Balmoral Group has vowed to launch an appeal after it was slapped with a £130,000 fine by the competition watchdog.
The Aberdeen firm claimed the penalty imposed by the Competition and Markets Authority (CMA) was “incorrect and wholly disproportionate”.
The CMA inflicted the charge despite saying that Balmoral had declined to become involved in the activities of a cartel involving liquid storage tanks.
Three other firms have been fined more than £2.6million after the CMA ruled that Franklin Hodge Industries, Galglass, KW Supplies and CST Industries conspired to divide customers among themselves, to fix the price of tanks and “to rig bids for contracts between 2005 and 2012”.
Franklin Hodge was hit with a £2million fine, Galglass must pay over half a million and KW Supplies £22,248.
CST Industries was granted immunity from fines under the watchdog’s leniency policy for whistleblowers and its co-operating with the investigation.
The CMA said that Balmoral “was not a party to the cartel arrangements”, but claimed the firm had exchanged commercially sensitive information with its competitors at a meeting held in 2012 which had been secretly recorded by the watchdog.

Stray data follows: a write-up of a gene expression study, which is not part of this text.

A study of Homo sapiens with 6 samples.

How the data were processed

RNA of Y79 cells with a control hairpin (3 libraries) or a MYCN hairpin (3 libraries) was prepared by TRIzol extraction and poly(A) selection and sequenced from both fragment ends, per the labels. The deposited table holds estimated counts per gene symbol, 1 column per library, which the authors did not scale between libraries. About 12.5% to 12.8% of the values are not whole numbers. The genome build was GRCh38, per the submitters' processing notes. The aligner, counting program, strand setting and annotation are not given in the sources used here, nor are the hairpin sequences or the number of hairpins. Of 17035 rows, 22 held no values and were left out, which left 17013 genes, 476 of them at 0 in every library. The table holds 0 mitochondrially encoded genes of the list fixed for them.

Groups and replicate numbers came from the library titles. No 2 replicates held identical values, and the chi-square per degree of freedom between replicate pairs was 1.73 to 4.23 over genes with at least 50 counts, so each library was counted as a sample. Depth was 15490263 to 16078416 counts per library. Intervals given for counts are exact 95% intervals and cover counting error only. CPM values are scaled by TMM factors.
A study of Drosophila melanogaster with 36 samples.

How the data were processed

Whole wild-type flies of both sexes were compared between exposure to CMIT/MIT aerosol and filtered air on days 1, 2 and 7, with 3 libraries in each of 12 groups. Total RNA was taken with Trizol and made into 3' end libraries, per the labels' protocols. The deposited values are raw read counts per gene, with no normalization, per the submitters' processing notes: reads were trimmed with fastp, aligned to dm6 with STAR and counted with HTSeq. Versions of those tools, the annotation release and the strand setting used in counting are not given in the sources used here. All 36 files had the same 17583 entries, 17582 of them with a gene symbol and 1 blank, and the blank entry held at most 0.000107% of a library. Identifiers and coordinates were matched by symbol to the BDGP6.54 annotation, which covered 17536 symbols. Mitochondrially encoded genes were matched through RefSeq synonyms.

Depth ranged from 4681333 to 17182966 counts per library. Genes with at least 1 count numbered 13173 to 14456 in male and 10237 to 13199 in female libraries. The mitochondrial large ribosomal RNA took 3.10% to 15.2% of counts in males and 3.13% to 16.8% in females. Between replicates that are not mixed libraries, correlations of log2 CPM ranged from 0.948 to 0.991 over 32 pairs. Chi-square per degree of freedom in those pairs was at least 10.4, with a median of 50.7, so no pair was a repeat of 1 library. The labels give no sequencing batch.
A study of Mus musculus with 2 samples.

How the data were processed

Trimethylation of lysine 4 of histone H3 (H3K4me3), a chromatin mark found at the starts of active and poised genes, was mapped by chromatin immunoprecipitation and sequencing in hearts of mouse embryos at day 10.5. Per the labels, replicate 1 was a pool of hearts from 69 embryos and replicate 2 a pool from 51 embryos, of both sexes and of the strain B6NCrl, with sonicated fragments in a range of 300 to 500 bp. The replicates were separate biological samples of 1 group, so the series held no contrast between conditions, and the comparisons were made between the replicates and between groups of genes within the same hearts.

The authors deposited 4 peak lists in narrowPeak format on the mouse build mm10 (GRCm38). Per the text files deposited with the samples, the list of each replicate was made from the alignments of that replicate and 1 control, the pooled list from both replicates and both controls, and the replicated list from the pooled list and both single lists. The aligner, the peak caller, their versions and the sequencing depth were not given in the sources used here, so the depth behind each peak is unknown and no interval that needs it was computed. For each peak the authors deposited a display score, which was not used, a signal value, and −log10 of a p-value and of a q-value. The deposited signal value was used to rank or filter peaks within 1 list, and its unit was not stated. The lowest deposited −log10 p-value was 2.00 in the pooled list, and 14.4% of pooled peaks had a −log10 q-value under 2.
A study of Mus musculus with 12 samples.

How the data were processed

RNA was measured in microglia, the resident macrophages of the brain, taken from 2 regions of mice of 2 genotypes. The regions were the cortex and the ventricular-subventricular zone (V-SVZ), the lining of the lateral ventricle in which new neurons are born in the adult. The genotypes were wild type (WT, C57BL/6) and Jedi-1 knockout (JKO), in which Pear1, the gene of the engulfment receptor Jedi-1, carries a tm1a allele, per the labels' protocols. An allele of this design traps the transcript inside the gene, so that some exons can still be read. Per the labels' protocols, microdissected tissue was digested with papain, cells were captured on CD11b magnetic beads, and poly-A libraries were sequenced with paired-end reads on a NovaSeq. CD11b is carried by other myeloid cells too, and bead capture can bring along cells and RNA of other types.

Jim Milne, chairman of Balmoral said he was “surprised and disappointed” with the CMA’s decision. A case brought by the CMA last year over cartel activity in the galvanised steel tank market had seen evidence that the Aberdeen firm’s entry into the market with the establishment of Balmoral Tanks had “effectively broke the cartel”.
He added: “The participants attempted to recruit Balmoral but we categorically and robustly refused to become involved.
“As we were instrumental in the demise of the cartel we firmly believe this decision is incorrect and wholly disproportionate.
“We are considering all options of appeal.”